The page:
By Jourdan Cole
Mr. Roger's famously asked at the end of every episode, "Won't you be my neighbor?" Today, the neighborhood is a dying idea of a society long past. It's just easier to connect via Internet communities and ignore the communities in our own backyards.
Technology is at our fingertips every moment of the day, and we're losing sight of our old ways. We can connect more with someone who is halfway across the world than someone who goes to the same school.
A 2011 Pew Internet and American Life Project report about Americans and their cell phones found that 13 percent of cell phone owners pretend to use their phones in order to avoid interacting with the people around them. By doing this, we are preventing unwanted human contact.
Technology has given us a diversion, a reason to block others from seeing who we really are. On a daily trip to class, people can be seen listening to music, texting, watching videos on their smart phones or iPads, or talking on their cell phones.
As we leave traditional communities for Internet communities, there should still be a connection felt by people who live in the same physical area.
Internet communities can meet a variety of needs: They can give feelings of affiliation and provide emotional support and access to information, education and entertainment. Online communities can bring people together, but real life communication is suffering because of it.
Try having a conversation with a stranger and strike up a conversation with the person sitting next to you on the bus. It's harder than it sounds.
Many people don't like to come out from underneath their ear buds or detach their eyes from a YouTube clip.
We don't have conversations with strangers -- and everyone around is strange. From my own experiences, conversations among strangers are rare.
Introducing myself to a few people in a class has always worked out well for me -- there's someone to relate to about the teacher or to grab notes from if I missed a class. But I sit next to many people in classes whom I've never spoken to and who express no interest in speaking to me.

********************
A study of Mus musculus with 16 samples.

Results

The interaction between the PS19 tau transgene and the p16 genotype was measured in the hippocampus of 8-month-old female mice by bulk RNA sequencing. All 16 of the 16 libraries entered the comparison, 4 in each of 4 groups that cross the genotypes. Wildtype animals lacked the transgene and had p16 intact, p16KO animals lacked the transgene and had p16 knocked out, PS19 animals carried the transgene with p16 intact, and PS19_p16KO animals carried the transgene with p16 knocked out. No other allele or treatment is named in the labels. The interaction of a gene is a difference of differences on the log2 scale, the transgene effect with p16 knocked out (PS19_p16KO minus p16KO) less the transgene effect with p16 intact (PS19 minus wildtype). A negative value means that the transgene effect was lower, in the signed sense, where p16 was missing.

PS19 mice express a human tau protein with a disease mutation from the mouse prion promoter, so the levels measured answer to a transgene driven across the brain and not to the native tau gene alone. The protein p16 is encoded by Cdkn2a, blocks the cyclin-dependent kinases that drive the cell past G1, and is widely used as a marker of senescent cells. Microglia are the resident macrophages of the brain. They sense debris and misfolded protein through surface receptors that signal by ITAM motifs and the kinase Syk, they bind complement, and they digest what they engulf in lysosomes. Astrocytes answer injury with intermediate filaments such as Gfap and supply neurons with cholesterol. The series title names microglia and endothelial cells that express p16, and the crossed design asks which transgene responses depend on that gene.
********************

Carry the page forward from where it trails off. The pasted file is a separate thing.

While I don't doubt that people can connect in ways they never have before, it doesn't mean we should stop looking for common interests among those who live in similar places.
Even in State College, how often can people say that they know who their neighbors are or that they've gone outside of their social circle to meet someone different?
There is ample opportunity to meet new people when you move to a new place and get to know the neighbors, but people tend to separate themselves instead.
The idea of the 1950s society where moms get together for book clubs, dads form bowling leagues together and children play in the street is dead.
There is a general distrust of those around us.
Mr. Roger's liked everyone just the way they were, but can we say that for our neighbors today?
People aren't making the effort to bond with their neighbors anymore. You were once considered to be suspicious if you were a loner, but who can pick out the loners in their neighborhood when everyone is so distant from each other?
Families come and go from neighborhoods, but does anyone take the time to get to know them?
If we're finding our communities and niches elsewhere, then we shouldn't reject others. So while global communication increases, is neighborhood interaction decreasing?
Embrace technology, but don't let it come between the opportunity to have a mindful conversation with someone in person.
Jourdan Cole is a senior majoring in international politics, sociology, and crime, law and justice. She is The Daily Collegian's Monday columnist.